Wednesday, June 24, 2009

North Korea provides internet comic fuel

David Fox

Despite the seriousness with which the world takes North Korea’s missile and nuclear tests, the isolated country remains a rich source of humour for cartoonists, satirists and comedians around the world.

The diminutive, bouffant-haired leader, Kim Jong-il, has already been the star of a satirical full length cartoon, plaintively singing “I’m so ronery” in Team America, while plotting to blow up the world.

These days, it seems, every time North Korea rattles its sabres, the noise can be heard via the Internet.

Kim and North Korea are most frequently a subject of discussion on the various late night TV chat shows so popular in the United States.

“According to Kim Jong-Il’s biography, they say he has been constantly accused of dishonesty, drunkenness and sexual excess. So if he lived here, he could be in Congress,” Jay Leno said on his show.

“North Korea conducted a nuclear test and the blast was so small that many scientists are saying it was a dud. Apparently, the nuclear bomb didn’t work well because it was made in Korea,” jibed Conan O’Brien.

And with news wires buzzing that Kim, who succeeded his father, Kim Il-sung, may in turn be succeeded by a favourite son, David Letterman said: “”North Korean dictator Kim Jung Il may be stepping down. Experts in the State Department say he could be replaced by his son, Menta Li Ill.”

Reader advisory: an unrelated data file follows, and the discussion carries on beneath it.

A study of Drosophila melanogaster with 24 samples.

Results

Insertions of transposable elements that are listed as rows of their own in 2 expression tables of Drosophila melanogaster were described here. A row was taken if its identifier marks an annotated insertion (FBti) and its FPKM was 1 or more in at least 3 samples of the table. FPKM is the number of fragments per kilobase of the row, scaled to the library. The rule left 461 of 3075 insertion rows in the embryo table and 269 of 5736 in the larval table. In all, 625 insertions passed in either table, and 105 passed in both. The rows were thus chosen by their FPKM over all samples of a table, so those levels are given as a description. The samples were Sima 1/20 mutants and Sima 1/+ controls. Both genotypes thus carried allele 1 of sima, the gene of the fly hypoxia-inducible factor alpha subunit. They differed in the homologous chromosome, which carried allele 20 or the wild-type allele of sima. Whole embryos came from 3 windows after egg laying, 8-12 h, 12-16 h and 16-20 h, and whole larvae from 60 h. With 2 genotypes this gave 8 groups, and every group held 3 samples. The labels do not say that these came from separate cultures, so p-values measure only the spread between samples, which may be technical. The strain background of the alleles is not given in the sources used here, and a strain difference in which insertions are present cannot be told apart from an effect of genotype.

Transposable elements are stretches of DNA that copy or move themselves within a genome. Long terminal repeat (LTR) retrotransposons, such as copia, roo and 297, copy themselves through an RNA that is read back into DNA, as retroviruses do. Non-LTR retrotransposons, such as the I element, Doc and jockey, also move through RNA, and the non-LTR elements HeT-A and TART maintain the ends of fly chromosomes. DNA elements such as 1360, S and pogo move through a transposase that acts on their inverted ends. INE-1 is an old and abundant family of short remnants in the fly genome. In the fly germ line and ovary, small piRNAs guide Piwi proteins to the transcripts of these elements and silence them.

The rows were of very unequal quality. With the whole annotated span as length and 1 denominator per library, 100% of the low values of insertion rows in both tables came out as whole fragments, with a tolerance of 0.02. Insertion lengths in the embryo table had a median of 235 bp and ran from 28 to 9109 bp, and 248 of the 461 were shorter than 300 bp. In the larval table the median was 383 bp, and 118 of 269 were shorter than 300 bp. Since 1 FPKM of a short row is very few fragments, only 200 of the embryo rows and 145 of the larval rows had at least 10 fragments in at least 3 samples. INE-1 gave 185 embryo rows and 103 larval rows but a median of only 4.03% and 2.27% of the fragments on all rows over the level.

But it isn’t just professional comedians having fun at the expense of North Korean and its dear leader, the Internet is full of keen amateurs doing the same.

Facebook, for example, has over 350 profiles and groups dedicated to Kim, listing his hobbies (films, nuclear experiments, torture), friends (Saddam Hussein, Robert Mugabe, Mahmoud Ahmadinejad).

One group is set up to list achievements genuinely reported by the Korean Central News Agency, which frequently ascribes miraculous events to Kim, such as causing flowers to spontaneously bloom or even influencing the weather.

A not entirely more ridiculous Facebook group does the opposite, listing what he should be credited with: “There is no such thing as evolution, just a list of animals Kim Jong Il allowed to live”; “Kim Jong Il has two speeds: Walk and Kill”; “Kim Jong Il can slam a revolving door.”.

But perhaps the most popular resources of North Korean humour and satire on the Internet remains NK news, which has as a mission statement: This site aims its satirical lens solely at the regime of Kim Jong Il, and certainly not at the long-suffering people of North Korea, Korean culture, or Korea in general, North or South.

Its random insult generator draws on years of bellicose statements from the north. None of them are made up, apparently. The latest offering: “You sycophantic aggressor, your accusation against the DPRK is no more than barking at the moon!”